Coming out was probably the most difficult and most courageous thing I have ever done in my life.
As a child I not only felt different, I was different. I always wanted things that other boys did not want – my friends were girls; I played dressings-up with my mother’s make-up and clothes; Wonder Woman was my idol; I asked for dolls not footballs. So I was ridiculed by classmates and neighbours, taunted and alienated. Life was not easy.
My teenage years were even worse. At secondary school the mockery became cruel. At puberty my feeling of being different intensified. To appear to be one of the lads, I had several girlfriends, but by my late teens I was sick of trying to conform.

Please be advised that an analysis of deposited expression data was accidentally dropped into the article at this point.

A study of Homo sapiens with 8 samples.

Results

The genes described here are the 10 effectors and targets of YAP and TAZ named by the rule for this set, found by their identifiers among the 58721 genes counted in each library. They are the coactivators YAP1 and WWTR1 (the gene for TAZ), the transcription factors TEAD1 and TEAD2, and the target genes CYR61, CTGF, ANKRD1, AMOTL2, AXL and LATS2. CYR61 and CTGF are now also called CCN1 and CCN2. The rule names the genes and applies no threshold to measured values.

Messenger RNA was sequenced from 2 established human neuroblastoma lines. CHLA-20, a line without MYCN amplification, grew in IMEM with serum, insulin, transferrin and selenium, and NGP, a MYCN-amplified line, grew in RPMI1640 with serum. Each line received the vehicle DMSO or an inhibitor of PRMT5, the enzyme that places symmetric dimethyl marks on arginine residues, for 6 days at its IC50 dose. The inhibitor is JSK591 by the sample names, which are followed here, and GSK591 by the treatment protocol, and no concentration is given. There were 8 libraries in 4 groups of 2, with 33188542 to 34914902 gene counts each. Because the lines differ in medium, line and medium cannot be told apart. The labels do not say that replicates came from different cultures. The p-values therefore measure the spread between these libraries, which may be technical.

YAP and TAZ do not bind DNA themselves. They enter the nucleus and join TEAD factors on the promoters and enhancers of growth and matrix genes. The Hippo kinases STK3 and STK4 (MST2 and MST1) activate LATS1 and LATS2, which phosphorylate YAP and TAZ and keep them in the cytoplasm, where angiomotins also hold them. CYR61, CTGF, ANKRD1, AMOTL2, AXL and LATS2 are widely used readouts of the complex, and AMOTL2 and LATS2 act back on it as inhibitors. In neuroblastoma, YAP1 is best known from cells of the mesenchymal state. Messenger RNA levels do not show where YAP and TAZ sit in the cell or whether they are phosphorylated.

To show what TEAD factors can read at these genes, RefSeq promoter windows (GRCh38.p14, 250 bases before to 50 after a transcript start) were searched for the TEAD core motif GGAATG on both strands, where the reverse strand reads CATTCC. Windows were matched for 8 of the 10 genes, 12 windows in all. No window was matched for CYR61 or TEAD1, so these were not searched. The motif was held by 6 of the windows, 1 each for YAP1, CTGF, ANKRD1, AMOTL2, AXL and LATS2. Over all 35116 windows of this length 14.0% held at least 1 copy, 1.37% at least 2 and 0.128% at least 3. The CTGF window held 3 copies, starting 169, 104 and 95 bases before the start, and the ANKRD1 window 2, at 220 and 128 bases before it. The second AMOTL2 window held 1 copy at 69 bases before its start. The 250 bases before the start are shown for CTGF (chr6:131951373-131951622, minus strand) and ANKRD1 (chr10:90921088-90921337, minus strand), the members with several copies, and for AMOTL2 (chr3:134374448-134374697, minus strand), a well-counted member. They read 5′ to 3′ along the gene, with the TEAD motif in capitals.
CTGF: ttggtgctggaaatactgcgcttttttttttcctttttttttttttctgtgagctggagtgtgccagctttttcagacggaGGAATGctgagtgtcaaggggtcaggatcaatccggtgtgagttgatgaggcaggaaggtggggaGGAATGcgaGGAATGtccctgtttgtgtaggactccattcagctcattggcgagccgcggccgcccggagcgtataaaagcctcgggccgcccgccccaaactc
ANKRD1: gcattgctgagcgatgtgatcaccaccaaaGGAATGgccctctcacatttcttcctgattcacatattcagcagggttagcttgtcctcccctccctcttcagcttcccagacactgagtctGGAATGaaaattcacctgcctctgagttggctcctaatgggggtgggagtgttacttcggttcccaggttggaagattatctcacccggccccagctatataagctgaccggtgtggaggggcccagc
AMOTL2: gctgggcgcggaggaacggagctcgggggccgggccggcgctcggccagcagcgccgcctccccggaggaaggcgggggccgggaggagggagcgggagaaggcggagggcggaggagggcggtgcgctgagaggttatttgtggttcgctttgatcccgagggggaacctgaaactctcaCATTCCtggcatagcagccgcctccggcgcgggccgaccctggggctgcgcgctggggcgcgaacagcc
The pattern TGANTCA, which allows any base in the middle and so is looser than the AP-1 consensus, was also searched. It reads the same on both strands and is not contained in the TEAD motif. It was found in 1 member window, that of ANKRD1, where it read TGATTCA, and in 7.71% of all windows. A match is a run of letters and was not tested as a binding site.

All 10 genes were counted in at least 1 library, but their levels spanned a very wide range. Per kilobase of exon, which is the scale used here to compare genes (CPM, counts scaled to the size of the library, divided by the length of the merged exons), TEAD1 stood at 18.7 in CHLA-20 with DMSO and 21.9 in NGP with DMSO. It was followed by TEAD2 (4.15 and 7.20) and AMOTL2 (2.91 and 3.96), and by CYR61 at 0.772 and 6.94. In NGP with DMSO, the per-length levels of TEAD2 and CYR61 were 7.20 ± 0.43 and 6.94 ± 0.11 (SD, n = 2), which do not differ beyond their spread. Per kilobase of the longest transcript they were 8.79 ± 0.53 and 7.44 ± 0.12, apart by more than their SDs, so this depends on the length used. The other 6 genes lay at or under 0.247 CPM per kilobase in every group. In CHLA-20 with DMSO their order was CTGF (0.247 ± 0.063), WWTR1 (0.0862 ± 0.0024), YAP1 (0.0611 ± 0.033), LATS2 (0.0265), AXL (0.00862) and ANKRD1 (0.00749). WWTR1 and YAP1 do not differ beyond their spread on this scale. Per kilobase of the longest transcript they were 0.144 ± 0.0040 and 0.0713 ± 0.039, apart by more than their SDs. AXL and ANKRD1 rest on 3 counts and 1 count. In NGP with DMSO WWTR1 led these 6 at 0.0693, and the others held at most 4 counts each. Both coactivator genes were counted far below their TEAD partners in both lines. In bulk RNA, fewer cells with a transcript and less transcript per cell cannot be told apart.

Coming out in a small town was not easy. I was lucky though to find security and support in friends facing the same problem, one of whom was Edel.
I met her through a mutual friend. She was a warm, open and caring person. We spent many a night chatting into the wee hours. For me, she was part of our family. This gave me confidence and a newfound sense of happiness.
Eventually I felt strong and ready to TELL my mother about my sexuality. I have always had a close relationship with her and felt she would understand, but she lost it! She said I was going through a phase, I was being ridiculous.
I went to bed distraught. What could I do now? I decided to write a letter to try and describe how I felt.
The following day I was resigned to having to go on as before. My mother came home from work, she too, was distraught. She said she couldn’t get her head around it, that she would need some time to think.
It did take time, but the dialogue had started.
After that day, I felt so much better. My family now loves me for who I am. Unfortunately not every gay person’s family is as understanding.